Born of royal Atlantean blood, Aquaman (the infant Prince Orin) was abandoned for having blond hair, which according to Atlantean myth signifies the Curse of Kordax. The child, left for dead, was rescued and raised by a lighthouse keeper before eventually discovering his royal heritage and reclaiming his birthright as King of Atlantis.
A spy attempting to steal the research of Dr. Bruce Banner, Emil Blonsky accidentally exposed himself to a concentrated burst of gamma rays that transformed him into a green-skinned monster known as the Abomination. Unlike the Hulk, he retained his intelligence and personality, but he could not revert to human form.
Chester Gould's immortal Dick Tracy made his first appearance in the Detroit Free Press on October 4, 1931. Modeled after the innovative Sherlock Holmes, Dick Tracy introduced the world to new crime-fighting technologies such as the two-way wrist TV and the engineless car that took the detective to the moon.
Starfire grew up on Tamaran, the youngest daughter of the planet's rulers. In order to ward off an alien invasion that threatened to destroy the entire planet, her family gave her up as a "peace offering" to the powerful invaders who took her away and enslaved her. Eventually, Starfire escaped her captors and fled to Earth where she joined the Teen Titans.
When Tony Stark (Iron Man) first joined The Avengers, he offered his family mansion as the team's headquarters. Since that day, Jarvis, the Stark family butler, has maintained his residence in the mansion and has served as butler to Earth's Mightiest Heroes.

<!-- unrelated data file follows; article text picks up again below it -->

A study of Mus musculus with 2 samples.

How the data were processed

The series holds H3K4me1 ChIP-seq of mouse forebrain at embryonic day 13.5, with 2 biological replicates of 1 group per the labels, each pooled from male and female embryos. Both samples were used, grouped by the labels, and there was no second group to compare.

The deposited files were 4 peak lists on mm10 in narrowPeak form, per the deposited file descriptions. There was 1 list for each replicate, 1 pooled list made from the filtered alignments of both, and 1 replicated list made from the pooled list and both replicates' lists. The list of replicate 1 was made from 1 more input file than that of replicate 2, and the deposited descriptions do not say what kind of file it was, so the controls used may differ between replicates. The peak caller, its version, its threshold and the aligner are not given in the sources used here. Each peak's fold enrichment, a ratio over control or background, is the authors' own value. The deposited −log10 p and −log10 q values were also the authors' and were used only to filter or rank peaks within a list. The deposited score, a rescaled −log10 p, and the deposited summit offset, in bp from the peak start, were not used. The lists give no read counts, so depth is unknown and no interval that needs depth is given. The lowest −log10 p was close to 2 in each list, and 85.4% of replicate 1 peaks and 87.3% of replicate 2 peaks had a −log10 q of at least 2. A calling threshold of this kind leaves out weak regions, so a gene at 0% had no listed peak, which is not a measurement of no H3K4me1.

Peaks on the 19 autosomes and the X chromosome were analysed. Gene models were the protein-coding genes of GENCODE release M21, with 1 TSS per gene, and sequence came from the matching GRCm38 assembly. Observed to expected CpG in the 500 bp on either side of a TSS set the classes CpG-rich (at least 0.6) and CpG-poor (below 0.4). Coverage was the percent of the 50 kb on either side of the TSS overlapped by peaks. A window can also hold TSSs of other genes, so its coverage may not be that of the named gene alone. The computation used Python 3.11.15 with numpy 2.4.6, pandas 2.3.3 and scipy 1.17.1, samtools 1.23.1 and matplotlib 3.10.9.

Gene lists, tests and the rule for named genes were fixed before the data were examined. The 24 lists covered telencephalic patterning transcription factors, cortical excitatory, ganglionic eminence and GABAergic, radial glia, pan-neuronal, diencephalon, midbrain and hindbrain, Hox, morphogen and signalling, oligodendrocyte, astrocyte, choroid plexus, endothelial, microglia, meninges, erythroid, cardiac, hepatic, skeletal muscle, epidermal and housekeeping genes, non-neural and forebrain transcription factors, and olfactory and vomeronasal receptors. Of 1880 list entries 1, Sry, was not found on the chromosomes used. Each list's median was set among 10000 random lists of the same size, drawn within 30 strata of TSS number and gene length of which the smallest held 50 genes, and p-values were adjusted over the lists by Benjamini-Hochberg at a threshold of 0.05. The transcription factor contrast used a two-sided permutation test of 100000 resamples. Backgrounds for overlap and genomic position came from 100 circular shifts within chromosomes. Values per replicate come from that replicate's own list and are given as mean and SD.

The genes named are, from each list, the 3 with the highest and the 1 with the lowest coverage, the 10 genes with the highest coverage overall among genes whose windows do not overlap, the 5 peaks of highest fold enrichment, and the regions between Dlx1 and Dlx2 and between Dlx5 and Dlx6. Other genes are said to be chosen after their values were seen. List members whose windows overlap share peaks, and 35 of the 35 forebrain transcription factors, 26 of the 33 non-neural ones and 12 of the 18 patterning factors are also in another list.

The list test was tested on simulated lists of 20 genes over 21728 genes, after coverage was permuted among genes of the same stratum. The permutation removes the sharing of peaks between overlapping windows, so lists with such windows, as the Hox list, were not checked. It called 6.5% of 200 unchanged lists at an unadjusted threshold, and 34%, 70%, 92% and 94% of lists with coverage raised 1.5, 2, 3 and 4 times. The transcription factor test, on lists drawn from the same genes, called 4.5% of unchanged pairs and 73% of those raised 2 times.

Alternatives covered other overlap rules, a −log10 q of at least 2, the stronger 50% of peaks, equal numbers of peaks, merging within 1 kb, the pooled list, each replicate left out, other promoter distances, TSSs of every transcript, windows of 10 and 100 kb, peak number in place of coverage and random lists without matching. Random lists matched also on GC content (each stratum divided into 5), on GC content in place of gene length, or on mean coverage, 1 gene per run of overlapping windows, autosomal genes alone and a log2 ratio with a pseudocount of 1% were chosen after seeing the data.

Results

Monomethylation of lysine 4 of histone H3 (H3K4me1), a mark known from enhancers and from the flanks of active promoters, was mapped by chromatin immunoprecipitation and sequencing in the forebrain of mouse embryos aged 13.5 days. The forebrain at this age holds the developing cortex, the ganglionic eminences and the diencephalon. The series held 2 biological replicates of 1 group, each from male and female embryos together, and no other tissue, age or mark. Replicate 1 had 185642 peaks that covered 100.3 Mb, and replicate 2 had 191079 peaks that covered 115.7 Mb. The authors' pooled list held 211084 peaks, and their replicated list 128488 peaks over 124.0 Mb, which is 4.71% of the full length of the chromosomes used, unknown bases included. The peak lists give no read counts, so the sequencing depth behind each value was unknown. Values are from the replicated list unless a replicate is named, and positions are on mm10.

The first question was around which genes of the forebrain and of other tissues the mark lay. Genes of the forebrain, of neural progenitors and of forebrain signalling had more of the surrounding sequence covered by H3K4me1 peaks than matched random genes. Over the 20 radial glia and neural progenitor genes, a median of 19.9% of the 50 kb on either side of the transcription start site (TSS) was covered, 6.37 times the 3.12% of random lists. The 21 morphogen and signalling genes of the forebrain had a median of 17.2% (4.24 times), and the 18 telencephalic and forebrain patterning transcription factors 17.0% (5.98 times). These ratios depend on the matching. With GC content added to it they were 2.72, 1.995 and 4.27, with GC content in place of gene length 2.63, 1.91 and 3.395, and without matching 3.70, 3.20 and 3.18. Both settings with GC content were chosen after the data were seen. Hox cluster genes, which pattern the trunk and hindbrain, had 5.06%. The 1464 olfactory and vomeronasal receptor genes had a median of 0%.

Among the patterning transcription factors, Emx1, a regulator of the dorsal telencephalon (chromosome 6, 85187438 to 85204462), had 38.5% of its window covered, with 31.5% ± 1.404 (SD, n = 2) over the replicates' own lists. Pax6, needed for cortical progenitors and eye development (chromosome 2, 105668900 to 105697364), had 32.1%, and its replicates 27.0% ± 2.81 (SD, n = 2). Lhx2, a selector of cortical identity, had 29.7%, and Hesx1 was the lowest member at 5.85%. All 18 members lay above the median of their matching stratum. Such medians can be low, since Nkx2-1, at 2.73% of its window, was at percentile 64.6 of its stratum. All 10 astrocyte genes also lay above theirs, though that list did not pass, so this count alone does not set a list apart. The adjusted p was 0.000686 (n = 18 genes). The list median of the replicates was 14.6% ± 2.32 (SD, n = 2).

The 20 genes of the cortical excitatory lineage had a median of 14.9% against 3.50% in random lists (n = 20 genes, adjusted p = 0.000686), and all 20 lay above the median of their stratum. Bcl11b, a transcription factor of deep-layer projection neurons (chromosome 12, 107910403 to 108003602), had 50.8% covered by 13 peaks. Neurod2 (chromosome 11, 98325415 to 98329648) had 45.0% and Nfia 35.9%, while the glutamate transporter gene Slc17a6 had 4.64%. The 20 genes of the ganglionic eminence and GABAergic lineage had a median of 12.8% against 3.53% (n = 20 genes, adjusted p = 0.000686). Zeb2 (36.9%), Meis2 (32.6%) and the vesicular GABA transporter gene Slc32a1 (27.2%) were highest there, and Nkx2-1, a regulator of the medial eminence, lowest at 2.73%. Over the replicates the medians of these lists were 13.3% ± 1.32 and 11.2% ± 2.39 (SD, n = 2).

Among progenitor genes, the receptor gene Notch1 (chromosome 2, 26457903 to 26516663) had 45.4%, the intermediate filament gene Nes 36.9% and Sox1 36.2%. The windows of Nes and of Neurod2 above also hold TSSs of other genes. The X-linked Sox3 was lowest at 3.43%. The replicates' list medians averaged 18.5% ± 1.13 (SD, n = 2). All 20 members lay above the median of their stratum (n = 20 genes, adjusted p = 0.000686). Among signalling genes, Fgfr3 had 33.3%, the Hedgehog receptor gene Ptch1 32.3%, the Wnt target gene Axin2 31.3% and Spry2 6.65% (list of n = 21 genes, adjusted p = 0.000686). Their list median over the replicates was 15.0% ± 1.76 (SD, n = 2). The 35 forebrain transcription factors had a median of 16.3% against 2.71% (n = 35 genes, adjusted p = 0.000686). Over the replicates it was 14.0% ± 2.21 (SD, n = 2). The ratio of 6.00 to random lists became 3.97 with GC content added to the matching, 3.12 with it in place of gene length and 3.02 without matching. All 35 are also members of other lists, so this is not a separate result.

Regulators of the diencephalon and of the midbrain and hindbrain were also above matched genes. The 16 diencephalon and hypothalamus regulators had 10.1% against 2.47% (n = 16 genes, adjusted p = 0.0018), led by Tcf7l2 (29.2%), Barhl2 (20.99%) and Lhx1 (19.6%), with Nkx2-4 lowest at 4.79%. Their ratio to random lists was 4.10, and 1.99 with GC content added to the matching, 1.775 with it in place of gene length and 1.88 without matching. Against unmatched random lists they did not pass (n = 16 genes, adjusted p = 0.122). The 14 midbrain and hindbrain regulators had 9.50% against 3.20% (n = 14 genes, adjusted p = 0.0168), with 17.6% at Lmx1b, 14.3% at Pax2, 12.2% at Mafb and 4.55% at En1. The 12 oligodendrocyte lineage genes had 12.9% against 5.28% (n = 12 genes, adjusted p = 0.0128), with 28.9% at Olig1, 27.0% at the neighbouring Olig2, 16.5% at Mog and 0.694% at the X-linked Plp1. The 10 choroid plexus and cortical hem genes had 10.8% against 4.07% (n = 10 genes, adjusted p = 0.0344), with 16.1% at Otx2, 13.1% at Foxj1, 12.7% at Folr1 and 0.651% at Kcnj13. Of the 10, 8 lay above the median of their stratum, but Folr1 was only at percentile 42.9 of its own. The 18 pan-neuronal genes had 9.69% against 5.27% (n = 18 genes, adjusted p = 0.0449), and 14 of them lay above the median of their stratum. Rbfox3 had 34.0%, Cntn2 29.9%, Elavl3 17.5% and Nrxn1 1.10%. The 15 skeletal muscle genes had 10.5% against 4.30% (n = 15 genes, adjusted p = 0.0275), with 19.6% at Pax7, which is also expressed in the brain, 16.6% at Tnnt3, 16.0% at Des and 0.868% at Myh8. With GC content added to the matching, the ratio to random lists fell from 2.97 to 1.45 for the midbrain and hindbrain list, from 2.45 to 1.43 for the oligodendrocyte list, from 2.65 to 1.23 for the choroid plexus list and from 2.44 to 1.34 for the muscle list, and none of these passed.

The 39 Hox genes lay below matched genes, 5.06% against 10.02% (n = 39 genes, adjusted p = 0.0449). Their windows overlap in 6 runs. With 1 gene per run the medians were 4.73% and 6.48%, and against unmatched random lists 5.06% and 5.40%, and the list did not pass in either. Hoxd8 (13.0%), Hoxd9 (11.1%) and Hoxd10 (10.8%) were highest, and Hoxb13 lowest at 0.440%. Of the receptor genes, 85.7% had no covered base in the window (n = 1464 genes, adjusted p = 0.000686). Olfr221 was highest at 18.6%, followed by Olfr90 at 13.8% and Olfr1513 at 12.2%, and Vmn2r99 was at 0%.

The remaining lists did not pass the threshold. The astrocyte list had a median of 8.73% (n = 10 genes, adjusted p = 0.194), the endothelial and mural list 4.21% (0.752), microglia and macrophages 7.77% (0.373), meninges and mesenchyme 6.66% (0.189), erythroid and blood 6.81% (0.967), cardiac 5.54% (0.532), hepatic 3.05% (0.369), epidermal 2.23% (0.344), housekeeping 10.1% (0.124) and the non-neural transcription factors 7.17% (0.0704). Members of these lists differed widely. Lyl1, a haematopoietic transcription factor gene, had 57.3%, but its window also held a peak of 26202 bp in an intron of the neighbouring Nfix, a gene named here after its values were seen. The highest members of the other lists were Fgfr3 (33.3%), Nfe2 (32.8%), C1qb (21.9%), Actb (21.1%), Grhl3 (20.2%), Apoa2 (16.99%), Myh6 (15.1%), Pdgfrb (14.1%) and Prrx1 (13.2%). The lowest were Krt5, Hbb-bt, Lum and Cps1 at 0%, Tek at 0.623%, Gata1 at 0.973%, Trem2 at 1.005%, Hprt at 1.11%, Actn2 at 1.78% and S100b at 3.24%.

In 1933, publishers at Eastern Color Press, looking for a way to make better use of their printing equipment which frequently sat idle between jobs, came up with the idea of printing an 8-page comic section that could be folded down from the large broadsheet to a smaller 9 inch by 12 inch format. The result was the first modern comic book. Containing reprints of newspaper comic strips, this experimental comic book titled "Funnies on Parade" was given away for free. It proved so popular, however, that the following year Eastern published "Famous Funnies" and took the bold step of selling the comic for ten cents through chain stores. The enterprise was a smashing success and Eastern began churning out numerous comic books on a monthly basis. Other publishers, eager to get in on the profits, soon jumped on the bandwagon, and the comic book industry was born!